Funding, audits, and goals were discussed at the meeting on Nov. 10
The board of trustees met on Thursday, Nov 9 to review each department’s new ideas and projects to bring to the table. The meeting continued on Friday Nov 10 where members briefly went over all of the information discussed the previous day.
One point of discussion among board members was the financial status of Winthrop for the 2017-2018 academic year as compared to previous ones. The university has seen an 80% rise in profit in 2017 under Daniel Mahony’s presidency.
The rise in profit has been, in part, due to the capital projects proposed and initiated by Winthrop, as well as, a 10% cut across the board.
The chair of the board of trustees, Karl Folkens, addressed the timeline of profit for Winthrop over the last thirty years.
“We see it peaking [the university’s profit] at $20 million and we went from that to below $10 million in just a matter of years. There are many reasons for this drop.” Folkens said.
The reasons for the decrease in Winthrop’s profit margin is due to many factors and projects occurring at the time, such as new equipment funds, and projects that had to be made up within the next few years, according to Folkens.
One area of concern for members was tuition increases, which Folkens said was impossible to avoid when looking for financial stability.
The goals and targets that were set in place for Winthrop over the next few years have already been achieved and even succeeded in certain areas, according to Mahony.
Winthrop has exceeded their 2018 goals and even reached many that were not set until 2025. The student/faculty engagement was one of those goals that hit 2025, causing the 2025 goals to be raised.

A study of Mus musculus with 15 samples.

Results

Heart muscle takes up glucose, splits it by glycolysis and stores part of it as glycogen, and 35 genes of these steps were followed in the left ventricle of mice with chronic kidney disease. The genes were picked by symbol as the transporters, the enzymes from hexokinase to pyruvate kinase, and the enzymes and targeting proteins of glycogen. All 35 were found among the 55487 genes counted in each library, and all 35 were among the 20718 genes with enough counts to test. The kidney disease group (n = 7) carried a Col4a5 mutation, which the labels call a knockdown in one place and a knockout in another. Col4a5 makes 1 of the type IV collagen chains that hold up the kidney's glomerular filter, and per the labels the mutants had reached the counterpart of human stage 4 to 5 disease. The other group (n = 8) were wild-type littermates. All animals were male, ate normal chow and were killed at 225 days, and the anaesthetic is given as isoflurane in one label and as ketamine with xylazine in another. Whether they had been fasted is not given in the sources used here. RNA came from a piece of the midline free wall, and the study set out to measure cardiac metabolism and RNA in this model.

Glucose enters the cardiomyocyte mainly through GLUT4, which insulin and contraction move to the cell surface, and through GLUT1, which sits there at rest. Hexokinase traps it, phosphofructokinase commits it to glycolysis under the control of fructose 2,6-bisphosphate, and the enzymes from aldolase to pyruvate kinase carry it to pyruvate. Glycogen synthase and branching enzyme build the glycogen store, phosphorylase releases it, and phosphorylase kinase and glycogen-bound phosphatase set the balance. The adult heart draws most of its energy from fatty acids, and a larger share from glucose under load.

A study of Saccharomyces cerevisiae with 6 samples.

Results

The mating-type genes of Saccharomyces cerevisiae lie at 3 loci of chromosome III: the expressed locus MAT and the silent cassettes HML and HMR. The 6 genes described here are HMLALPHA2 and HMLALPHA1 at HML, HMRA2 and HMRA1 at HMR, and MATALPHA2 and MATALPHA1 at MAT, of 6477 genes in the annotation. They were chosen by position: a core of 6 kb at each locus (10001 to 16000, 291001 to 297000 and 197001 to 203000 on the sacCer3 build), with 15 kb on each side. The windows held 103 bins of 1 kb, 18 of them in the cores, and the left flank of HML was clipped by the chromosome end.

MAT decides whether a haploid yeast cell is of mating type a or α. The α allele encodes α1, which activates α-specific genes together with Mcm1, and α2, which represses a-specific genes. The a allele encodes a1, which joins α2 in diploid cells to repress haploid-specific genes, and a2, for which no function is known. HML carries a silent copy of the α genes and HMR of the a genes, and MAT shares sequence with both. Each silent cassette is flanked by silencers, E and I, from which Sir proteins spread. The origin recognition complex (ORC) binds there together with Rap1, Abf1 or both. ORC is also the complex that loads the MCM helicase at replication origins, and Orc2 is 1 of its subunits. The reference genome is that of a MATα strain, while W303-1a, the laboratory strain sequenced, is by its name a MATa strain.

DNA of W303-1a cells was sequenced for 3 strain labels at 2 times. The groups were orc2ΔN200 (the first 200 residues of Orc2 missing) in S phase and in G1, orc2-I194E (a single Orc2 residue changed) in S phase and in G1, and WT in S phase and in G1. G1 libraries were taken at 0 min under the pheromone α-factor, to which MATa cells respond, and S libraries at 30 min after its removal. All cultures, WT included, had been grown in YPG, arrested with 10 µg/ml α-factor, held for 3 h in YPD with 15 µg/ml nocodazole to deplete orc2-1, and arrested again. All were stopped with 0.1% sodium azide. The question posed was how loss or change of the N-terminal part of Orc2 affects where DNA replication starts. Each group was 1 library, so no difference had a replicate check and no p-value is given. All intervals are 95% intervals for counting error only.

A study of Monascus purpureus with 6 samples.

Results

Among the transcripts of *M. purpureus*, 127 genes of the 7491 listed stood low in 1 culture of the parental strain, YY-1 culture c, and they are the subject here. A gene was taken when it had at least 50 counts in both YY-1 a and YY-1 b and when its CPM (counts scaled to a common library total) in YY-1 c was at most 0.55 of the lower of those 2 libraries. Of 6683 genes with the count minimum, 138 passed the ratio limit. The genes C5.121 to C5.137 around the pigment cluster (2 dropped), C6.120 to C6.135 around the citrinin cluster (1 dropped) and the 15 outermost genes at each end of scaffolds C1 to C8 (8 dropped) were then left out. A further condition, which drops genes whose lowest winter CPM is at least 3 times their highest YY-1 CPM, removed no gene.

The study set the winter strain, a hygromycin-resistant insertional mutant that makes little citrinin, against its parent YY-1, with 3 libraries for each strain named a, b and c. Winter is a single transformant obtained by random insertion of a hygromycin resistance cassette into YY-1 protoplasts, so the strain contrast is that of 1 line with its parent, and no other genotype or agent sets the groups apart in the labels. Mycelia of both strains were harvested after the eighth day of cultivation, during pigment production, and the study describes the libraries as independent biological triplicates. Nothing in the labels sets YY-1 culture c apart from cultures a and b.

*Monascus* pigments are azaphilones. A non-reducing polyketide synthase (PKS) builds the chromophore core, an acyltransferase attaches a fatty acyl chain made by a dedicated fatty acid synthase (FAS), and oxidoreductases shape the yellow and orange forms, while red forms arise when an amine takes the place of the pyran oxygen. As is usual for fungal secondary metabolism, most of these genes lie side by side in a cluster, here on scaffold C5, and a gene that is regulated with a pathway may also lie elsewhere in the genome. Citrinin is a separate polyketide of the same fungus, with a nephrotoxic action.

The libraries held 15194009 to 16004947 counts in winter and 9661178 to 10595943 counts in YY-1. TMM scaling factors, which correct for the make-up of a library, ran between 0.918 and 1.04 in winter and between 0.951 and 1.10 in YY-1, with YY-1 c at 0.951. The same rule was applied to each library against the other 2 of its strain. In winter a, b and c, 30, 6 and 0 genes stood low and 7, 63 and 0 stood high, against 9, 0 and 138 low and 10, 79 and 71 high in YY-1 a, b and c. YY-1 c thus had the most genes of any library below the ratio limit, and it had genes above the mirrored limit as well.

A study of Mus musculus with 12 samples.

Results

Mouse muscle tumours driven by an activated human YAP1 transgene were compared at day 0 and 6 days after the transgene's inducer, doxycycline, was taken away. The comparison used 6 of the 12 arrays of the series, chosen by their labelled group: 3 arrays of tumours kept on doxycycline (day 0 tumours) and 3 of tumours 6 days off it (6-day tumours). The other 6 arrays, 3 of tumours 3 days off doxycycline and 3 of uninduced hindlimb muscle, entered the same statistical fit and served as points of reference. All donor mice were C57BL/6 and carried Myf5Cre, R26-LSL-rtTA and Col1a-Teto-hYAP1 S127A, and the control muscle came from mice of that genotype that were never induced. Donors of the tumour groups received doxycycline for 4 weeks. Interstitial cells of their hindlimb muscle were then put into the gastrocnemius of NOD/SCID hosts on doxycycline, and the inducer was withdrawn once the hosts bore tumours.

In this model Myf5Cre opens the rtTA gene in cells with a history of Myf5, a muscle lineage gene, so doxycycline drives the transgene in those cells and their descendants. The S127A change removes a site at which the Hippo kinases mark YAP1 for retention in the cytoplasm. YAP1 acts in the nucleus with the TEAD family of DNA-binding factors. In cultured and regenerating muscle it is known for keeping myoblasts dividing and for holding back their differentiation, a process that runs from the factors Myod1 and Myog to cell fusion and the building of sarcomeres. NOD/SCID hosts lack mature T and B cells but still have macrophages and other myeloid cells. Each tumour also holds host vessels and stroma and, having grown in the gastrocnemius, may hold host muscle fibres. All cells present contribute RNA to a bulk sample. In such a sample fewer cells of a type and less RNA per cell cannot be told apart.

Mahony mentioned the scholarship goals, set for 2025, were hit this year and to expect more scholarship funding coming from foundation money.
The board of trustees initiated five new Winthrop Plan Action Groups to monitor Winthrop’s goals and increase communication and transparency across the board.
The first year experience, which was set in place to introduce freshmen to the Winthrop community and provide assistance with their transition, was a highlight of the member’s discussions on Thursday. They acknowledged the FYE faculty, staff, and ACAD peer mentors for their excellent work and many members said they were proud of the outstanding work done to enhance the freshman experience.
The board thanked the first year experience department for the support systems put in place to create a safer, happier campus for its students. They also acknowledged the two undergraduate students who were able to create the You Belong video showcasing Winthrop’s school spirit.
A new proposal came to the board a few months ago to create a research based grant for non-traditional students to earn a degree at Winthrop. The new professional studies program will allow any person with learning or working experience in a field to use their experience towards gaining their degree, the program will begin in the Fall of 2019.
The university was contacted by state representatives about the diversity of professional positions on campus and
Mahony discussed the university’s enrollment projections for the next 5 years, where they plan to increase 5% annually. He also mentioned the introduction of online program and timeline initiatives as well as an increase in the amount of merit and need based financial aid received on campus.
One key discussion held throughout the meeting was regarding recruitment and the freshman experience.
The first year experience has already impacted enrollment and retention but the board plans to take new initiatives for recruitment including giving a yard flag to all students joining the university. This comes from the Clemson campus where they give all new students a flag to increase school spirit and excitement about joining the university.
The board wishes to establish a clear identity for Winthrop and impact all departments from the marketing approach to university events and the school’s web presence. Creating a philanthropy and engaging more in university events were also on the board’s plans for the future.
This year six faculty members received tenure while four received associate director status and 40 new members were hired. The university is still in search of a new Dean for the college of Arts and Sciences while they focus their efforts on faculty burnout and the financial realities of the school.